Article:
CMU's AndyVision Robot Is In Your Store, Doing Your Inventory

This hoodie-clad robot is taking over in Carnegie Mellon's campus bookstore

1 min read
CMU's AndyVision Robot Is In Your Store, Doing Your Inventory

Underneath that color-coordinated hoodie is AndyVision, Carnegie Mellon's inventory assistance robot. It's programmed to take over the utter drudgery* of daily retail inventory, helping stores figure out what customers want and customers figure out how to get it.

You'll probably recognize the Kinect sensor underneath AndyVision's hoody, and he's also got a fairly simple mobile base with sonar for obstacle avoidance. Using Kinect, AndyVision scans store shelves to count items for inventory (using contextual object recognition), and will wirelessly alert store staff to low stock, no stock, or items that have been misplaced. Meanwhile, customers get access to real-time data on what items are where and how many are left. The technology involved isn't anything new and crazy, but this is a great example of a (relatively) simple robot being used to do valuable autonomous work in a commercial environment.

AndyVision is a project from the Intel Science and Technology Center (ISTC) at CMU, and he's part of its "Retail 2020" project to "transform the retail landscape." He's fairly retail-futuristic as is, but ISTC has bigger plans for the future, where "in-store robots might handle tasks such as folding clothing items, stocking shelves, and helping customers to locate items and load their purchases into their cars." Note that none of this stuff is really that futuristic, and it could be closer to "Retail 2015" than "Retail 2020." All it's going to take as an inexpensive and easy to use platform, some clever programming, and willingness on the retail side to try out something new.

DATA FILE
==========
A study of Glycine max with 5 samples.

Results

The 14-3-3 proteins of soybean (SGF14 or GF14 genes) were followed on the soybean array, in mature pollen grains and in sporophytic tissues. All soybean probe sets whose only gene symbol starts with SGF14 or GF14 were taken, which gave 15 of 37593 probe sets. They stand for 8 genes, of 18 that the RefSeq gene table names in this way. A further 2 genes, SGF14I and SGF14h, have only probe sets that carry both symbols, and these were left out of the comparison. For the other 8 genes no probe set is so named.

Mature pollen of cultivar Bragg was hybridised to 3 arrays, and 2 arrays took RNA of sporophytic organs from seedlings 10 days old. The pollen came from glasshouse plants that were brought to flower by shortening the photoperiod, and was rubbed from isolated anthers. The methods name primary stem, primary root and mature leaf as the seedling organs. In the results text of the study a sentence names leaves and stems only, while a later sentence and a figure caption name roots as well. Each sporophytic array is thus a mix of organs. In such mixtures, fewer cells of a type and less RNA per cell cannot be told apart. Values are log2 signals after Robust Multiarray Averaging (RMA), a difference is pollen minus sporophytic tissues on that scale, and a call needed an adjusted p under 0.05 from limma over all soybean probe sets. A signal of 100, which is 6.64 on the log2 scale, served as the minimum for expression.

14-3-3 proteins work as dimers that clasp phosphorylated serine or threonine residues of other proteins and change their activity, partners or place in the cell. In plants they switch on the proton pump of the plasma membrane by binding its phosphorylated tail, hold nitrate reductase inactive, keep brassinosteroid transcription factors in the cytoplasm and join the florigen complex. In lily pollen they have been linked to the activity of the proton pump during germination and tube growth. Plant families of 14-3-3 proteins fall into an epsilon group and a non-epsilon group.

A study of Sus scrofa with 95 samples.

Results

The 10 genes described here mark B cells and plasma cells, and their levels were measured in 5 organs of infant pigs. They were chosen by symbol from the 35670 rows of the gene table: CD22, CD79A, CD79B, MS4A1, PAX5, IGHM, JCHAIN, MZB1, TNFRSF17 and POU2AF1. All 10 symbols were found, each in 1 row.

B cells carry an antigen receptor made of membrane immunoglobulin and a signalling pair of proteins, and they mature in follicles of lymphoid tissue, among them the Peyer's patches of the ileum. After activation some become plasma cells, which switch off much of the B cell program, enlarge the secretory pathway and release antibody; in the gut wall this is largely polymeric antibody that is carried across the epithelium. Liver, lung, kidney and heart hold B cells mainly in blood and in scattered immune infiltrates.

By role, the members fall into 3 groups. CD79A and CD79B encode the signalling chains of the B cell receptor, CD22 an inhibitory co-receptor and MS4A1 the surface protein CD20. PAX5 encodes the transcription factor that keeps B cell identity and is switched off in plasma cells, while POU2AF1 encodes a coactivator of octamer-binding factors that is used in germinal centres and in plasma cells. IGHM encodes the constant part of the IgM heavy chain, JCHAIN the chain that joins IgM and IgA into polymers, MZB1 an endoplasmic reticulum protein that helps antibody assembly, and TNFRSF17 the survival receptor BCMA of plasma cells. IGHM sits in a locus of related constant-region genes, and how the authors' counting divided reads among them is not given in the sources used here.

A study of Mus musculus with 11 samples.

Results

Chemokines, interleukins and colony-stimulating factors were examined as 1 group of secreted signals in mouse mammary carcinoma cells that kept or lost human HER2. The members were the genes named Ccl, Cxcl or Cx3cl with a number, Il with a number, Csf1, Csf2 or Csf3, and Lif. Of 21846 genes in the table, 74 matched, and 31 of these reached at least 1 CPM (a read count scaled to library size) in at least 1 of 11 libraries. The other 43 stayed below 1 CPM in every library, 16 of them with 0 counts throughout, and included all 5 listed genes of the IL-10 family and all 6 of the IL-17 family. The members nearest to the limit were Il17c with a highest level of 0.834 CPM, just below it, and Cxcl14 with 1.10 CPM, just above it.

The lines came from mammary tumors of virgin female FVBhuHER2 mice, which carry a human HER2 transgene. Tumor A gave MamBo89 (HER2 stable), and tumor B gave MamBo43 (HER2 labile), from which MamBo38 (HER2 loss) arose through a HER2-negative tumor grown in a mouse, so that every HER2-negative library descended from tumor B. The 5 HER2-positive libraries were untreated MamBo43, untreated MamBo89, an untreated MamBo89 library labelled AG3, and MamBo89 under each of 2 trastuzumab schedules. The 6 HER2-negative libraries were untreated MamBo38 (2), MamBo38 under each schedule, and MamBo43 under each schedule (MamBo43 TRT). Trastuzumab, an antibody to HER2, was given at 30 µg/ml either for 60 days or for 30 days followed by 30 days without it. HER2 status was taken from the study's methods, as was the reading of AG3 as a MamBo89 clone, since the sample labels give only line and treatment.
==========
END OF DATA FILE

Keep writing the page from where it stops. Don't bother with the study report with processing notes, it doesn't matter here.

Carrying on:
[ ITSC ] via [ Tech Review ]

*I speak from experience, having done retail inventory. It's not fun.


RoMan, the Army Research Laboratory's robotic manipulator, considers the best way to grasp and move a tree branch at the Adelphi Laboratory Center, in Maryland.

Evan Ackerman
LightGreen

This article is part of our special report on AI, “The Great AI Reckoning.

"I should probably not be standing this close," I think to myself, as the robot slowly approaches a large tree branch on the floor in front of me. It's not the size of the branch that makes me nervous—it's that the robot is operating autonomously, and that while I know what it's supposed to do, I'm not entirely sure what it will do. If everything works the way the roboticists at the U.S. Army Research Laboratory (ARL) in Adelphi, Md., expect, the robot will identify the branch, grasp it, and drag it out of the way. These folks know what they're doing, but I've spent enough time around robots that I take a small step backwards anyway.

The robot, named RoMan, for Robotic Manipulator, is about the size of a large lawn mower, with a tracked base that helps it handle most kinds of terrain. At the front, it has a squat torso equipped with cameras and depth sensors, as well as a pair of arms that were harvested from a prototype disaster-response robot originally developed at NASA's Jet Propulsion Laboratory for a DARPA robotics competition. RoMan's job today is roadway clearing, a multistep task that ARL wants the robot to complete as autonomously as possible. Instead of instructing the robot to grasp specific objects in specific ways and move them to specific places, the operators tell RoMan to "go clear a path." It's then up to the robot to make all the decisions necessary to achieve that objective.